Apr 17, 2017

Why 2017’s tornado season is off to such an active start

United States
Ashley Williams
Annual Severe Weather Report Summary for Tornadoes in 2017. Image: NOAA Storm Prediction Center
Annual Severe Weather Report Summary for Tornadoes in 2017. Image: NOAA Storm Prediction Center

With hundreds of tornado reports only four months in, 2017 could rival both 2008 and 2011 as one of the most active tornado seasons in recent history.

However, as the United States' severe weather season shifts into its climatological peak, experts agree that it might be too early to determine.

“Certainly, we're off to a really fast start, but we haven’t gotten to the big part of the season yet,” said Harold Brooks, senior research scientist at the National Oceanic and Atmospheric Administration’s (NOAA) Severe Storms Laboratory.

“Half of tornadoes typically happen in May and June, so if those months end up being below normal, the year won’t be much above normal at all,” he said.

Since January, the National Weather Service’s (NWS) Storm Prediction Center data shows more than 500 possible reports of tornadoes in the U.S.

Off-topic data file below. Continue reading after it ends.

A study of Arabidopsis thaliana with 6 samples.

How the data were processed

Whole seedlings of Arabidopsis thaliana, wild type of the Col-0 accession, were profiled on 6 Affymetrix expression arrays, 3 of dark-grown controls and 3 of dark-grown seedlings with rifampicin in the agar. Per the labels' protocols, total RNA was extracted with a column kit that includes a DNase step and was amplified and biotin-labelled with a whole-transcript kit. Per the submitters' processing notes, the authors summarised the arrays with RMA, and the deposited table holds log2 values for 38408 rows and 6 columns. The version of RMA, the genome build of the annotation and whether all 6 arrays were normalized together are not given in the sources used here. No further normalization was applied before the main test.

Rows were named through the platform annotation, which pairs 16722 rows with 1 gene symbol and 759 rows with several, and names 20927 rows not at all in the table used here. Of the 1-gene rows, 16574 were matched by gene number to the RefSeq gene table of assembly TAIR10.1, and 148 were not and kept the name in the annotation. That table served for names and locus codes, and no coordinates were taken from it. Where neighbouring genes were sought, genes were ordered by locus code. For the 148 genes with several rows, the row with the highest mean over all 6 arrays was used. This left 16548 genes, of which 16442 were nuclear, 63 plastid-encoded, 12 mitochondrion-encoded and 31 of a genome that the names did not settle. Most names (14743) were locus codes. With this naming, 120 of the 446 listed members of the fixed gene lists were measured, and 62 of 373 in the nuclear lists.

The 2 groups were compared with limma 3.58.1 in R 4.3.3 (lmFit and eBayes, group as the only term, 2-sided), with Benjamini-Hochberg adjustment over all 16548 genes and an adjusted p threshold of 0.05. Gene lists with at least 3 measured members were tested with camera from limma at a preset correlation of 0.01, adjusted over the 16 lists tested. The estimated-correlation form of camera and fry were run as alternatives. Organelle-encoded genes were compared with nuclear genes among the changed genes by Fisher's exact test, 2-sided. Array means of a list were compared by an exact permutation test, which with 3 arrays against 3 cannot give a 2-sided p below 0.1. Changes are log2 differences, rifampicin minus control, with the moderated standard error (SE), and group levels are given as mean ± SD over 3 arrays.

Both 2008 and 2011 had record tornado numbers.

2008's more than 2,100 possible tornadoes is considered well above the 10-year average, according to the Storm Prediction Center.

Of those, approximately 36 were rated between EF3 and EF5 (wind gusts ranging from 136 mph to more than 200 mph) on the Enhanced Fujita Scale.

In 2011, the National Centers for Environmental Information’s (NCEI) State of the Climate Report confirmed more than 1,600 tornadoes with a death toll of 551.


Experts say one of the reasons behind this active year could be the record warmth in the Gulf of Mexico, particularly near the western Gulf and the Loop Current, which is a flow of warm water that travels through the Gulf and past the Florida Keys.

“This leads to a more humid air mass over the Gulf, which can then be transported northward by wind into the U.S.,” said Dr. Victor Gensini, associate professor of meteorology at the College of DuPage in Illinois.

A relatively warm winter with fewer cold fronts across the southern U.S. might also be the cause, according to Dr. John Allen, assistant professor of meteorology at Central Michigan University.

“[This allows] warm, moist conditions to build, so that any systems that do come in have access to greater instability,” Allen said.